Like bats and dolphins, blind humans can use echolocation to find objects
New research published in the June issue of the scientific journal Hearing Research found that blind and visually humans can use echoes to locate objects.
“We wanted to determine unambiguously whether blind people, and perhaps even sighted people, can use echoes from an object to determine roughly where the object is located,” Daniel Rowan of the University of Southampton explained in a news release. “We also wanted to figure out what factors facilitate and restrict people’s abilities to use echoes for this purpose in order to know how to enhance ability in the real world.”
Other mammals, particularly bats and dolphins, use echolocation to navigate dark environments. Similar to man-made sonar devices, bats and dolphins emit sounds that bounce off nearby objects in the environment and determine the position of object by hearing the returning echoes.
Rowan’s research found humans also have the ability to use echoes to tell where objects are, although to a much lesser extent.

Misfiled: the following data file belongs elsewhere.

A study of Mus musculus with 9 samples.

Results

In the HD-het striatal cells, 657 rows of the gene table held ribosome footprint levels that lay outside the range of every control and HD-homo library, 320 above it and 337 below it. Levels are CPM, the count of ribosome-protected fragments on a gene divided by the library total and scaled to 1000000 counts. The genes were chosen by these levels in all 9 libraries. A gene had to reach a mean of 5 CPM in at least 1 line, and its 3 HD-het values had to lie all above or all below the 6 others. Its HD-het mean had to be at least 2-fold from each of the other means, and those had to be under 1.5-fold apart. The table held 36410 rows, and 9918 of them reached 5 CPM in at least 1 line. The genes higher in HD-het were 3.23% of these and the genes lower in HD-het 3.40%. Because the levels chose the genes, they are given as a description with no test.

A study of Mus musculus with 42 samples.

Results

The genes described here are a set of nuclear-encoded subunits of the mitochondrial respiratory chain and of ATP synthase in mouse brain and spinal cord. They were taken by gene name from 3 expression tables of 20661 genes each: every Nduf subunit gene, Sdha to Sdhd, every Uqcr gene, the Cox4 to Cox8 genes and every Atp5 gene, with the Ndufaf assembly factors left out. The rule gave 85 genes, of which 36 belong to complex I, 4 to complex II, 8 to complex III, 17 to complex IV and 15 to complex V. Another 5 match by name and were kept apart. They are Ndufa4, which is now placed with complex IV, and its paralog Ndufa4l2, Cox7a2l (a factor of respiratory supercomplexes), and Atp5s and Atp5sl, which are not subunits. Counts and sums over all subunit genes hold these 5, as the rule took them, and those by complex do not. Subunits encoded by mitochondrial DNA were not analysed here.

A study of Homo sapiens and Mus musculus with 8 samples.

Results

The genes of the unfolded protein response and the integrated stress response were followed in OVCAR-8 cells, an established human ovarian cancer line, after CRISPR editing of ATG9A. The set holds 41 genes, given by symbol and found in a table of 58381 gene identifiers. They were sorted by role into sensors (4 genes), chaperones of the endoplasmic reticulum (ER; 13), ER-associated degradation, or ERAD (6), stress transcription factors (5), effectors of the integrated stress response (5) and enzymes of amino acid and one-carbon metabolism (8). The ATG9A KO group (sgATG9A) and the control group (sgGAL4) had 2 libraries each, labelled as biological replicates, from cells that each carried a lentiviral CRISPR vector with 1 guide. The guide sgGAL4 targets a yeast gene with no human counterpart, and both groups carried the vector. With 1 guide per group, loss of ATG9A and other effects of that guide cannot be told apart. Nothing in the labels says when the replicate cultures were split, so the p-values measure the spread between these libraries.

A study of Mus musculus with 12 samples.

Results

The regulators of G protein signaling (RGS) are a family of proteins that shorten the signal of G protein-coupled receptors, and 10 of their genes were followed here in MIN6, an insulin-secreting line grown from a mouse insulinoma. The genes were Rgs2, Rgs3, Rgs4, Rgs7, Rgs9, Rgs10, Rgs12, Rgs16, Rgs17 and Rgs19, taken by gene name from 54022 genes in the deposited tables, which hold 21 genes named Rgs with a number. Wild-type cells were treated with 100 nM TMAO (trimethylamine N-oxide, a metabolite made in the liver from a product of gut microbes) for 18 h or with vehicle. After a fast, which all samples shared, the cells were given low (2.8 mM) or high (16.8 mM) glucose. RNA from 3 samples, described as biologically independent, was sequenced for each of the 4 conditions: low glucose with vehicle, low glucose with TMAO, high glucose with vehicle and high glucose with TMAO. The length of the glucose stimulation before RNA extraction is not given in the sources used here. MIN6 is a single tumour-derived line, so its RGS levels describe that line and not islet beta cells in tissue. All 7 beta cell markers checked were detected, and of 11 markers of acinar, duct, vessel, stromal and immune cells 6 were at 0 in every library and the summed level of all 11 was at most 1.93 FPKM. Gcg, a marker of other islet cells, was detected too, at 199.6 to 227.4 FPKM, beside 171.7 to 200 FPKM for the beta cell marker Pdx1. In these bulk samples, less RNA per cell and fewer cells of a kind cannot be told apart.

“Some people are better at this than others, and being blind doesn’t automatically confer good echolocation ability, though we don’t yet know why. Nevertheless, ability probably gets even better with extensive experience and feedback,” he explained.
Rowan and his colleagues found bursts of sound in a virtual auditory space — a technique used in surround audio systems to localize sound — could be used by sighted and blind human listeners to determine the right-versus-left position of an object. The farther the object was from the participants, the harder time they had determining its position.
“Furthermore, some echo-producing sounds are better for determining where an object is than others, and the best sounds for locating an object probably aren’t the same as for detecting the object or determining what, and how far away, the object is,” Rowan said.